Congressman Adriano Espaillat—the first formerly undocumented immigrant and first Dominican-American elected to Congress—encouraged arrivals from African nations to “be bold” and “unafraid” in the era of President Donald Trump, whose administration has pursued an aggressive immigration enforcement agenda, and called on them to remember their roots.
Speaking at an African diaspora conference in Lower Manhattan this afternoon, Espaillat did not directly mention Trump but acknowledged the present political climate. Trump has issued two executive orders barring entry to people from Muslim-majority countries—including Sudan, Somalia and Libya—and another seeking to withhold funding from so-called “sanctuary cities,” all of which for now have been blocked by federal judges. Espaillat offered words of encouragement, telling the crowd to continue to pursue their dreams and remember their roots.
“You should not confine yourself to the parameters that society, traditional society places upon you because sometimes, those parameters restrict your creativity, your innovativeness and your ability to do as much as you can do,” Espaillat said. “So be bold, unafraid, don’t be afraid. Don’t feel like you have to act in trepidation.”
And he told them not to accept the status quo “or the expectancy that you should be as people expect you to be,” and praised them for their contributions.
“There is no reason you cannot say, ‘I am from Africa, I want to be a scientist,’ right?” he said. “‘I wanna be a builder.’ You know, we have great traditions in Africa, you know, of some of the most important structures in the history of the world. ‘I wanna be a mathematician.”
Espaillat recounted his own life experience. He and his family came to the United States from the Dominican Republic on visitors visas, overstayed the visas, returned to their country and eventually came back to the United States once they obtained green cards.
The congressman noted that he has come a long way, and stressed that “your limitations are only in your mind.”
He said that his grandmother come to the United States in the 1950s, “didn’t speak a word of English” and that she would get up every day at 6 a.m. to work in a factory as a seamstress. He told the crowd that “we’re standing on their shoulders,” referring to the Great Migration—the African-American exodus from the south—and the civil rights movement as examples.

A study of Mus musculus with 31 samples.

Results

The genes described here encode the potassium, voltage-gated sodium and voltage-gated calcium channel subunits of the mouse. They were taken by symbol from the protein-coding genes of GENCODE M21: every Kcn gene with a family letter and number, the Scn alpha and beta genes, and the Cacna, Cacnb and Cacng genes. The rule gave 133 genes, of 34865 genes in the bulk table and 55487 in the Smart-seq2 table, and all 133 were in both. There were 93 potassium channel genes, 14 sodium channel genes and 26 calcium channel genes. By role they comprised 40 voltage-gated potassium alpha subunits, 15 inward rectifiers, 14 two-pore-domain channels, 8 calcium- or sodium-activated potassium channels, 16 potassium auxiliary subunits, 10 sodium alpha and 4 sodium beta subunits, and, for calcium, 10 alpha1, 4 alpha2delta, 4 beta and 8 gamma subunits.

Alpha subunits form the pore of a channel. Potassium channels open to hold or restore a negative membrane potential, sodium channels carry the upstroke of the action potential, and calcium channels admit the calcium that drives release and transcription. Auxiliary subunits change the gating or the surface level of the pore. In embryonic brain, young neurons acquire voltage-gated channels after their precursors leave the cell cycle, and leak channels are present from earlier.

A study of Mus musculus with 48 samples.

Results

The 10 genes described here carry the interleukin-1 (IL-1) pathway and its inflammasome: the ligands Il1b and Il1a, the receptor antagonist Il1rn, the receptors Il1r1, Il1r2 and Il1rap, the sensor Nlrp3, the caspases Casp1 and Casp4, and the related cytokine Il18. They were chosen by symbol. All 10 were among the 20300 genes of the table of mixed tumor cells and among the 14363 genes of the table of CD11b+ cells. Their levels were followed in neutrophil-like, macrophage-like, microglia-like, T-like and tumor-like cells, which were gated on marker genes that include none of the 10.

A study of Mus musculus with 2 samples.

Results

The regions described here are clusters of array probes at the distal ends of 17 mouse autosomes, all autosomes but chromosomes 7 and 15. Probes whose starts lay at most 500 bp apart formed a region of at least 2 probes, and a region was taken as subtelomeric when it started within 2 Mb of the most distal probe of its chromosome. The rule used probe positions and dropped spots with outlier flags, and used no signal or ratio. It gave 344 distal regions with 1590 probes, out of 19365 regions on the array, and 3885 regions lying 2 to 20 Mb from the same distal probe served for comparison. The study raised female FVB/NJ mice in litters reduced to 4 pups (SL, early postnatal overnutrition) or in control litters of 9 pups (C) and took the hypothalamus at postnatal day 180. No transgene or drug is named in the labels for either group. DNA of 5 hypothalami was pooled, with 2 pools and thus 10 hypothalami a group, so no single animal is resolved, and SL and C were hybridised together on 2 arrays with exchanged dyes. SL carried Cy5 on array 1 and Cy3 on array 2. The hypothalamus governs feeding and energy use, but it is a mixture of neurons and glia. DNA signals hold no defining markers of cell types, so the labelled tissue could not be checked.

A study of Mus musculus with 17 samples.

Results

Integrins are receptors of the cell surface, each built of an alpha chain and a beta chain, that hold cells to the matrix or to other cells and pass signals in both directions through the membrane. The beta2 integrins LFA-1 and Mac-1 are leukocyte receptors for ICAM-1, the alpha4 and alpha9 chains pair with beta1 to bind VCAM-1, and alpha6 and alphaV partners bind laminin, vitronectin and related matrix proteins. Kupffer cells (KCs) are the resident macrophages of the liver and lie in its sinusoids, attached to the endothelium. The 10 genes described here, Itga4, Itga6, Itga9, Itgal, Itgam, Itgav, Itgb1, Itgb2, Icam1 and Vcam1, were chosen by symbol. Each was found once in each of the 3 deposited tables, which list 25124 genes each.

“Don’t get fooled by the mahogany walls of corporate Wall Street or the silver or the ivory towers of academia or the elegant hallways of government,” he said. “Don’t get fooled. Put your feet on the ground every single day and know that it is important that you recognize every day when you wake up from your sleep where you came from so that you know exactly where you’re going.”
He told the crowd that staying in school is a “no-brainer” and told them to pursue whatever profession that interests them.
And he noted that New York City’s biggest strength is its diversity, giving Flushing’s Chinatown, the West African community in the Bronx, Soviet Jews in Washington Heights and the Albanian community in the Norwood section of the Bronx as examples.
He recalled attending a press conference where one of the organizers of the Yemeni bodega owner strike against Trump’s first anti-Muslim fiat noted that there are more Yemeni grocery stores and shops than there are Starbucks.
“That’s what makes us strong as a city,” Espaillat said. “So you are a legitimate—a legitimate part of this city. And sometimes we feel that we’re not. We feel pushed aside, that they’re not taking us seriously.”
When a woman in the audience asked him about how to plan to run for office when running against longstanding incumbents, he said that no one can stop anyone “from getting your fair share of political power.”
He appeared to allude to his long-running pursuit of the seat long held by Congressman Charlie Rangel. After challenging Rangel in 2012 and 2014, Espaillat finally beat Rangel’s preferred candidate, former Assemblyman Keith Wright, in the primary last year.
“They may be able to delay you but they will not stop you,” the congressman added. “And those of us in politics that are smart, we should be facilitating that and embracing you as opposed to shutting you out and having you kicked down the door. So run. If you want to run, run.”